Paul Simon, landscape horticulturist with the National Gardening Association has put together a video to help viewers understand how to conserve water in their gardens.
Mulch is your friend
Mulch and soil polymers can be very useful in helping gardeners retain and save moisture in their gardens. How do they work? Well, mulch has a lot of roles in conserving water in your garden. First of all, mulch helps smooth out soil temperatures from the sun, so that there aren’t hot and cold places in your garden.
And secondly, mulch can provide a blanket of protection to the soil itself. What this blanket does is reduces water loss by evaporation. And, in addition, it suppresses weed growth: mulch reduces the number of weeds that will be in competition with your plants for moisture.
Finally, mulch will help you control against water runoff, which helps improve water infiltration, keeping the water where you want it to be for your landscape plantings.
What are soil polymers? Most people don’t know; they’re also called water crystals. Here it is: soil polymers are small, jelly-like spongy substances that are mixed into the soil. They take out moisture. Then they release it back slowly into the soil. The role of soil polymers is to effectively help your plant bed retain moisture for longer periods of time.
It’s not just soil polymers that will help your plant bed retain moisture. One of the best ways you can conserve water in your garden is to plant drought-tolerant species. This varies widely, depending on where you live in the country, and you’ll need to consult a chart or, better still, a horticulturalist. You can also check with your local Cooperative Extension Service, Master Gardeners Program, local nurseries, or garden centers for a list of suggested plant varieties. However you figure it out, what your goal is here is to select varieties of plants that will do well with less irrigation… and thereby conserve water.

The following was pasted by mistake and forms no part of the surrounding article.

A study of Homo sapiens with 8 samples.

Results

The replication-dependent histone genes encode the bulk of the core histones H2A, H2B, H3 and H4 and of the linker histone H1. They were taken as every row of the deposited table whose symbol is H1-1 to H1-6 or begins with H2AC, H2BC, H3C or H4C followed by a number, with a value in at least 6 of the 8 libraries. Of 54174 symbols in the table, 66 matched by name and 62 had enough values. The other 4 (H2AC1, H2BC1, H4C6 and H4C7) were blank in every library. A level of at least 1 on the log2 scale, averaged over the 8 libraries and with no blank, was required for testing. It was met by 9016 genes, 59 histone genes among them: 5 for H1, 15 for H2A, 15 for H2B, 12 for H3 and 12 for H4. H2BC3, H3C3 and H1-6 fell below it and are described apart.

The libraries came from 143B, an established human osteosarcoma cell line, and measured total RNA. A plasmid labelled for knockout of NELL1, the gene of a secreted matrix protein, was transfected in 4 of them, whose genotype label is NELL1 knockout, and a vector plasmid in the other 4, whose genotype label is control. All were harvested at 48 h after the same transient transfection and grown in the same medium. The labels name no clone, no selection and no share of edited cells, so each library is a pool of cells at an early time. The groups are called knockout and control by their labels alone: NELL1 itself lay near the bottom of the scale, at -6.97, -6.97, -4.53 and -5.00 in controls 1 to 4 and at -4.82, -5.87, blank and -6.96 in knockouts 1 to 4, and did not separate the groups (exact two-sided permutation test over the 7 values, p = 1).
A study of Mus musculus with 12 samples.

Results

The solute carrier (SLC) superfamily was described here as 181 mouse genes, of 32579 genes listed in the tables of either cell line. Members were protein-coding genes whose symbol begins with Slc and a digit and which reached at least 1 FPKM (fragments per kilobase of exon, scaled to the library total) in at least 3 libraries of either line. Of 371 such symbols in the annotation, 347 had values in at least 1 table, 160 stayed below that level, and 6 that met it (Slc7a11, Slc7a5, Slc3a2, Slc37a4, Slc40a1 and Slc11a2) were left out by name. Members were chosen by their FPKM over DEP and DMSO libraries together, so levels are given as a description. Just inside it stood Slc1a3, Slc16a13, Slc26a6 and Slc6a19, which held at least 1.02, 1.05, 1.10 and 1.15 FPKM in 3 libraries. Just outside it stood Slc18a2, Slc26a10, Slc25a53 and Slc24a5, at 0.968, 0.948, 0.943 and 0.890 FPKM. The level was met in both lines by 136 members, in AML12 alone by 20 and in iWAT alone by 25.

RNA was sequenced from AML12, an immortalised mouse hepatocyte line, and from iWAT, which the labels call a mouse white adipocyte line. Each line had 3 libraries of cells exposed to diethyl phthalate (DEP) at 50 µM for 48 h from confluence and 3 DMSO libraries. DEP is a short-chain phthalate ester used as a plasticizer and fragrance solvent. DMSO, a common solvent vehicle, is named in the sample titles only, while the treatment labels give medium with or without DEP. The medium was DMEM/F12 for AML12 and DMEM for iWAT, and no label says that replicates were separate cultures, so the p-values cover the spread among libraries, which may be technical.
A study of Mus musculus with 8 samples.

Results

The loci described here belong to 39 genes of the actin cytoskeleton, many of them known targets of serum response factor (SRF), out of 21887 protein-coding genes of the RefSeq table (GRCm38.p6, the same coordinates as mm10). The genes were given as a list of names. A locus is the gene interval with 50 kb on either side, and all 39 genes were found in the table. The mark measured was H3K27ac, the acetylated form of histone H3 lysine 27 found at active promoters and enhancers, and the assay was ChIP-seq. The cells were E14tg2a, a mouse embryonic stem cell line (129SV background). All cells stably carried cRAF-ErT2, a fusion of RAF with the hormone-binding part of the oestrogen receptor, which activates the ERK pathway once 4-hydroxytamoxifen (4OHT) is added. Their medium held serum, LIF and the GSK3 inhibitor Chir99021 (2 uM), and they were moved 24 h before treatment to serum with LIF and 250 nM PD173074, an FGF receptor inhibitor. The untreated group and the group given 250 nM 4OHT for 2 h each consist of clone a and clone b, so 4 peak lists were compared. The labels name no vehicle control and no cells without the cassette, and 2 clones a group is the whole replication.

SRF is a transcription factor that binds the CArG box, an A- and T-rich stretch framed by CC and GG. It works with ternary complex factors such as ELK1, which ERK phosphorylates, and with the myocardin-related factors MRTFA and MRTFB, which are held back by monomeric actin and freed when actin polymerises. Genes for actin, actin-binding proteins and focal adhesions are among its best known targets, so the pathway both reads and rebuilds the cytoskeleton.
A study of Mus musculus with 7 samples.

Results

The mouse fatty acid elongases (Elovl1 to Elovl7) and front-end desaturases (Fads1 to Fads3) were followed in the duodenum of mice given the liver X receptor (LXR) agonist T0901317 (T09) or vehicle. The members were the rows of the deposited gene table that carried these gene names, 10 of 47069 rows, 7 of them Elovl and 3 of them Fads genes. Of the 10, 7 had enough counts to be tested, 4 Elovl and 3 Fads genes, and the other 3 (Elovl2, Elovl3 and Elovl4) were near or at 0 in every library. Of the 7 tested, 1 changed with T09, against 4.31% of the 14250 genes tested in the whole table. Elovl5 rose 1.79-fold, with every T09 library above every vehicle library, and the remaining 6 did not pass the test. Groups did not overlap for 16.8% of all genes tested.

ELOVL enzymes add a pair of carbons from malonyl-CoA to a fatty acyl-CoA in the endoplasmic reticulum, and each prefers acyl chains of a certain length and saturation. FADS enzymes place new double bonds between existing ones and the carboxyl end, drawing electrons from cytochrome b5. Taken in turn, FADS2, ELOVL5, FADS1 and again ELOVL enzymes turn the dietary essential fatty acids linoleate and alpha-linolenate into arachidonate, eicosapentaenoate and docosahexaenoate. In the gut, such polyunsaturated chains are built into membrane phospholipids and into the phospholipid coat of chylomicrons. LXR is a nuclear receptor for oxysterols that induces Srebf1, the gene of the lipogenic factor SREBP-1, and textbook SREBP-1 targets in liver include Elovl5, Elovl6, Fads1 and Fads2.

Placement is key
You need to think about irrigation as you plan your garden. Look at your plants in terms of which ones have similar water needs, and group them together. Put ones that need more water in areas with more rainwater. Also pay attention to these plants, understanding that they need more water, so you can focus your attention exactly where it’s needed. This way, each plant will receive just the right amount of water that it needs to thrive. This also saves time, if you know going in where you need to water more and where you need to water less.
Areas like roadways, parking areas, rooftops, and walkways have solid surfaces. These surfaces let water flow across and collect debris, contaminants, and pollutants—stuff that you don’t want in your garden!
If you want to protect sensitive areas from these pollutants, you can create a rain garden, which will give you a place to discharge storm water and let it filter all the pollutants.
A standard rain garden is about 12 to 18 inches deep and contains a lot of different shrubs and herbaceous plants that can withstand saturated soil conditions from time to time.
Instead of having solid surfaces that attract all those pollutants, consider using permeable pavers. They allow water to infiltrate and soak into the soil.